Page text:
ATLANTA - Bankruptcy can be a wake-up call for airlines about the need to run their operations more efficiently, but it also can shine a light on a more basic challenge - making customers happy.

UAL Corp.'s United Airlines and Delta Air Lines Inc., both of which restructured under Chapter 11 in recent years, ranked last and next-to-last, respectively, among airlines in terms of customer satisfaction in a survey to be released today by the University of Michigan.

Marks were only slightly better for AMR Corp.'s American Airlines, which teetered on the verge of bankruptcy before winning employee concessions in 2003, and Northwest Airlines Corp., which is currently in bankruptcy.

The airlines said they were working to improve the experience of their customers.

"We know the service is not where it should be as far as baggage delivery," said Betsy Talton, a spokeswoman for Delta, of Atlanta. "We're concentrating on that this year so that we see significant improvements."

Tim Wagner, a spokesman for AMR, of Forth Worth, Texas, said there wasn't much the airlines could do when weather delayed flights.

"The one thing we can do is focus on the things we can control, and that's our face-to-face interaction with customers," Wagner said.

There were some bright spots for a few airlines in the survey. Southwest Airlines Co., of Dallas, ranked first in customer satisfaction. It was one of only two airlines mentioned by name in the survey that improved in terms of customer satisfaction this year compared with last. Continental Airlines Inc., of Houston, was the other.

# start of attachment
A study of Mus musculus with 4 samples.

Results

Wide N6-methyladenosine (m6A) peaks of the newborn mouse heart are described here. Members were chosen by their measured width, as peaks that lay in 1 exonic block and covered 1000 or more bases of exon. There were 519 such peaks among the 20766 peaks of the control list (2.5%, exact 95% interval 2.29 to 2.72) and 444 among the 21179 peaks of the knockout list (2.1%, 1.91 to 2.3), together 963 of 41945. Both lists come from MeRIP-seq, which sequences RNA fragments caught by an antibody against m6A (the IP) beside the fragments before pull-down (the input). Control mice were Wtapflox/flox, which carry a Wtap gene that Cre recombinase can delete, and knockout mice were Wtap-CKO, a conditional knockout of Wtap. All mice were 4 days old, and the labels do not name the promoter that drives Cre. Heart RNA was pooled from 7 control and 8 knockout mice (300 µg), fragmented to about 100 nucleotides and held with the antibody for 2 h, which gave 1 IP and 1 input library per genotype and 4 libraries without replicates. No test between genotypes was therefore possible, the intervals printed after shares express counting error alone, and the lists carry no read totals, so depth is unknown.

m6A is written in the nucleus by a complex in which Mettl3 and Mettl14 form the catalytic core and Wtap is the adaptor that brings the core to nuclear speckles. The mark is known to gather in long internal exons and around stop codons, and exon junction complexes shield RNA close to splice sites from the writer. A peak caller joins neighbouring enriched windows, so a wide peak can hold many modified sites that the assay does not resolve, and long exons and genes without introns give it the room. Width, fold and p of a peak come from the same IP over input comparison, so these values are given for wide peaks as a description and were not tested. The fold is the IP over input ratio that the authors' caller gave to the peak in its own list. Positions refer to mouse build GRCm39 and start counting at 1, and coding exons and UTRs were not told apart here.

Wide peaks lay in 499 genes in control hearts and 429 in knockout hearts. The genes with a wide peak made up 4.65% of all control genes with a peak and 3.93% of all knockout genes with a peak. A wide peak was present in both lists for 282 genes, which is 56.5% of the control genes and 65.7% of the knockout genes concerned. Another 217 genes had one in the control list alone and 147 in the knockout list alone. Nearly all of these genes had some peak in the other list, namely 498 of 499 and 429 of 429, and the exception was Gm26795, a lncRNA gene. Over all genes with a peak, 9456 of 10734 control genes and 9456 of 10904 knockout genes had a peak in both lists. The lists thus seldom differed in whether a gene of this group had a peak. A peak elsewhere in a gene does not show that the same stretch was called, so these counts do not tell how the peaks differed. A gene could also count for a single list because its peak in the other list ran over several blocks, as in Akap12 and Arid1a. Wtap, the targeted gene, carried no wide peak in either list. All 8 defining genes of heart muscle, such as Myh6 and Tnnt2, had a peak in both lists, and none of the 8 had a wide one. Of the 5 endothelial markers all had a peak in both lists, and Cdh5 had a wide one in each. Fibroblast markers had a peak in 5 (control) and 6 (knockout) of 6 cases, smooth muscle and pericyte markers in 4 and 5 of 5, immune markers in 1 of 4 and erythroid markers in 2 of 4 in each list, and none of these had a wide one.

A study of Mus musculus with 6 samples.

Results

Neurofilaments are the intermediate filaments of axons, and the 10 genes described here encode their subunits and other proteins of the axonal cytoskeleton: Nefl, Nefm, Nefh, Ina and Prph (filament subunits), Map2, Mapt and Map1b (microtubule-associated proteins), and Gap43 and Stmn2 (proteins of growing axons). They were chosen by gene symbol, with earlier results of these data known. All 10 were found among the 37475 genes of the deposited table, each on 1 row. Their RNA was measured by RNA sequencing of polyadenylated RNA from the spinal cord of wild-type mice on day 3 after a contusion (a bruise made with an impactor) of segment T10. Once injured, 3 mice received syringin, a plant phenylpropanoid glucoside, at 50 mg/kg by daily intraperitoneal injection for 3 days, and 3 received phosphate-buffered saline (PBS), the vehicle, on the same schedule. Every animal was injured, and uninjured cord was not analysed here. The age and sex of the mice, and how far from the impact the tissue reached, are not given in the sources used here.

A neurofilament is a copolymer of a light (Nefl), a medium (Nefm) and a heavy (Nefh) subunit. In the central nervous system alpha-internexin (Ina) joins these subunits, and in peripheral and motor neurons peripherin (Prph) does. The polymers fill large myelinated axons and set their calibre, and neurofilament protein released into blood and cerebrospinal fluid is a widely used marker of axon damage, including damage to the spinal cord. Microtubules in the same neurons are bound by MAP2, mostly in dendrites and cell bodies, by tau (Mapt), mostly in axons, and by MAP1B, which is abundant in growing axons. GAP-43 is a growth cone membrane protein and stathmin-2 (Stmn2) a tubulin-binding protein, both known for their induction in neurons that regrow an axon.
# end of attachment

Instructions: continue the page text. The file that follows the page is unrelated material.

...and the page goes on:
"We've done as well as we have up to date by making sure our customers have a rich experience, and that's largely due to our people," said Beth Harbin, a spokeswoman for Southwest, which also is one of the few consistently profitable airlines.

The survey, taken in the first quarter of this year, asked 20,000 people to rate their level of satisfaction as customers of companies in a variety of industries, including the airlines.

An American Customer Satisfaction Index, on a scale of 1 to 100, was created based on the responses to questions about overall satisfaction, intention to be a repeat customer and perception of quality, value and expectations.

The index for the airline industry as a whole fell to 63 from 65 last year. US Airways lost ground in satisfaction, falling to an index level of 61 from 62 last year. US Airways is the dominant carrier at Philadelphia International Airport, with about 60 percent of the traffic. Weather problems in February and in March, plus problems with US Airways' reservations and ticketing system in March, caused extensive flight cancellations and delays for the airline. Southwest had the highest index with 76, up from 74 last year. United's was the lowest at 56. Slightly ahead of that were Delta at 59 and American at 60. Northwest, of Eagan, Minn., was only slightly better at 61.

"The same problems that have pulled airline passenger satisfaction down the past few years - disenchanted employees, increasing fuel costs, bankruptcy, and now also record levels of lost, delayed, and damaged luggage - cause it to drop again," the researchers said in their analysis.